A monthly compendium of random wisdom for the natural world and beyond
June 1 Average temps: high: 78ºF; low: 54ºF; 21% chance of precipitation (average 1.4 in.). Sunrise 5:58am, sunset 8:52pm.
June 2 Bumble bees vibrate their burly flight muscles to shake pollen loose from flowers. Flying bees build up an electrostatic charge, which discharges when they land on grounded flowers, and spreads the pollen they are carrying.
June 3 NEW MOON 4:01am. Does your deck, house, fence or shed need staining or painting? Do it now, before it gets too hot.
June 4 Attract good bugs (and repel the bad ones) in your garden with plantings of dill, fennel, parsley, artemisia, feverfew, marigolds, calendula, sunflowers, zinnias, yarrow, basil, sage and thyme.
June 5 World Environment Day. This year’s theme is “Air Pollution,” with a conference in China to explore renewable energy and green technologies to improve air quality worldwide.
June 6 Flies, mosquitoes, rats and mice hate catnip. Place pots of this easily grown member of the mint family on the porch to keep flying pests away, and around sheds and garages to repel rodential ones.
June 7 “Terroir” relates to more than just wine. It is the environmental factors—the weather, the climate, the microbes in the soil and air—that give foods produced in an area a distinctive character.
June 8 Retain soil moisture and keep plant roots cool with organic mulch—straw, chopped leaves, grass clippings, compost or purchased bags of ground bark.
June 9 Make a habit of visiting your garden every day. Take photos. Note sun and shadow at various hours. Pull a handful or two of weeds. Which plants need more water? Consider keeping a garden journal.
June 10 For a better yield, thin the clusters of fruit on your fruit trees. Retain 2-4 in. apart for apricots and plums; 3-5 in. for peaches and nectarines; 4-6 in. for apples.
June 11 Many species of birds, including hummingbirds, line their nests with aromatic leaves to keep mosquitos away, kill bacteria and act as a sun shield.
June 12 Aphids abhor chives, coriander, mint and thyme. Rosemary is the bane of bean beetles, carrot flies and ticks. Borage discourages tomato worms. And chamomile, “the plant’s physician,” protects against myriad pests and diseases.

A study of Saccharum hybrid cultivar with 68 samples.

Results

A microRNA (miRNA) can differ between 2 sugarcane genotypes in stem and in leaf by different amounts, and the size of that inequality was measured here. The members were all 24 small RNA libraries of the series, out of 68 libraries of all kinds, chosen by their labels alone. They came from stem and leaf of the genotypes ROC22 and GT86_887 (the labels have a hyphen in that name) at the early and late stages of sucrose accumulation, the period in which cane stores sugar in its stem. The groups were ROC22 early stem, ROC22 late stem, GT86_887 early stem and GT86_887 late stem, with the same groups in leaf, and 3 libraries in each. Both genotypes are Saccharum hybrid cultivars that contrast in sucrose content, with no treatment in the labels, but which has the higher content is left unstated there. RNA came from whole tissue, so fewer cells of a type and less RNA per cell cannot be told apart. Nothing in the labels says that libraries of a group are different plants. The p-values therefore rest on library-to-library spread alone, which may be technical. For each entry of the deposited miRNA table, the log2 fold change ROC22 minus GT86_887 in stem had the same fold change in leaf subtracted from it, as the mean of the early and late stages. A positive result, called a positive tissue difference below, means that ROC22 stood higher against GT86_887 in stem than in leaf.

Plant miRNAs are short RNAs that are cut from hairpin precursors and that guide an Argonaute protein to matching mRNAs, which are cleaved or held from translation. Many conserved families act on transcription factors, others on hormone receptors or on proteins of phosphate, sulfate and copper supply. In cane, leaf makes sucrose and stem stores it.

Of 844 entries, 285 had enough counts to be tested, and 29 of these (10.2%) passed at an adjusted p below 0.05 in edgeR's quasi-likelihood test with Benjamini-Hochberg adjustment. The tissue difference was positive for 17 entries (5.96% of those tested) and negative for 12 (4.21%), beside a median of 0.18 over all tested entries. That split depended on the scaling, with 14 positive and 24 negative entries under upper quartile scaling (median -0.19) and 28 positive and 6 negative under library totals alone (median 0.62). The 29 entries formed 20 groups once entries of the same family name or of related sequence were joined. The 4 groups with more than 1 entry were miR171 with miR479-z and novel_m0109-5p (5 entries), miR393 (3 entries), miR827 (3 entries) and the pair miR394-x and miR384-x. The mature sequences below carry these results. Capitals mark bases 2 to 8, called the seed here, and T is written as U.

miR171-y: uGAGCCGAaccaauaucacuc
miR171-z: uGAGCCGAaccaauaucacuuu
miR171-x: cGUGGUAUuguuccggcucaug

June 13 Bedbugs were walking…er, crawling…the planet long before there were beds. The ancient insect coexisted with dinosaurs for more than 100 million years.
June 14 What to do with spent coffee grounds (other than compost them): Sprinkle them on your lawn or in standing water. Female mosquitoes lay fewer eggs in the presence of coffee, and existing larvae do not progress to adulthood.
June 15 CATALYST’s 9th Annual Bee Fest: A Celebration of Pollination! Visit exhibitors, vendors and educators today, 9am-2pm, at downtown’s Green Team Farm, 622 W. 100 South. Free for all ages!
June 16 What’s your favorite memory with your dad? What memories might you still make together?
June 17 FULL MOON: 2:30am. The June Full Moon is called the Full Strawberry Moon.
June 18 There still time to plant a garden! Vegetables: beans, beets, carrots, corn, cucumbers, eggplant, kale, kohlrabi, melons, peppers, pumpkins, radishes, squash, tomatoes and turnips. Flowers: bachelor buttons, cannas, cosmos, dahlias, gladiola, marigolds, morning glory, sunflowers and zinnias. Plants successions of radishes, carrots, snap beans and corn, every two weeks, through July.
June 19 Seagulls can’t fly until they’re 45 days old—but they can swim a few days after hatching!
June 20 Are jets leaving contrails? If not, it probably won’t rain in the next 24 hours.
June 21 June Solstice (Summer Solstice) is on Friday, June 21, 2019 at 9:54 am in Salt Lake City. This day is five hours, 51 minutes longer than on December Solstice.
June 22 Looking for an old-fashioned date night? Consider a drive-in movie. Check out Redwood Theatre in West Valley City.
June 23 In the 1841 book Extraordinary Popular Delusions and the Madness of Crowds, Scottish journalist Charles Mackay considered such subjects as magnetisers (the uses of imagination in curing disease), popular admiration of great thieves, relics, and the influence of politics and religion on the shapes of beards and hair.
June 24 You’ve heard of Master Gardeners. Now there’s a Master Naturalist program.
June 25 Got horseradish growing in your garden? Why wait to harvest the root when you can eat the leaves? Tasting similar to the root, they can be eaten raw or cooked, sautéed or stir-fried, in salads or pesto.
June 26 As of today in 2015, same-sex marriage is legal in all 50 U.S. states.
June 27 Before cooking, give fresh broccoli a quick salt water bath to coax out the perfectly disguised (and not so tasty) cabbage worms. Italian immigrants first brought broccoli to the Americas in the early 1800s. Broccoli has antiviral, antibacterial and anticancer properties.
June 28 Ever-bearing strawberries grow well in hanging baskets. Suspend them in a sunny spot and feed and water often.
June 29 Creativity is conceived as a reproductive act with a tangible result—a child, a book, a monument—that has a physical life going beyond the life of its producer. Creativity, however, can be intangible in the form of a good life, or a beautiful act, or in other virtues of the soul such as freedom and openness, style and tact, humor, kindness.—James Hillman
June 30 Sunrise 5:59am, sunset 9:02pm. Average temps: high: 90ºF; low: 63ºF.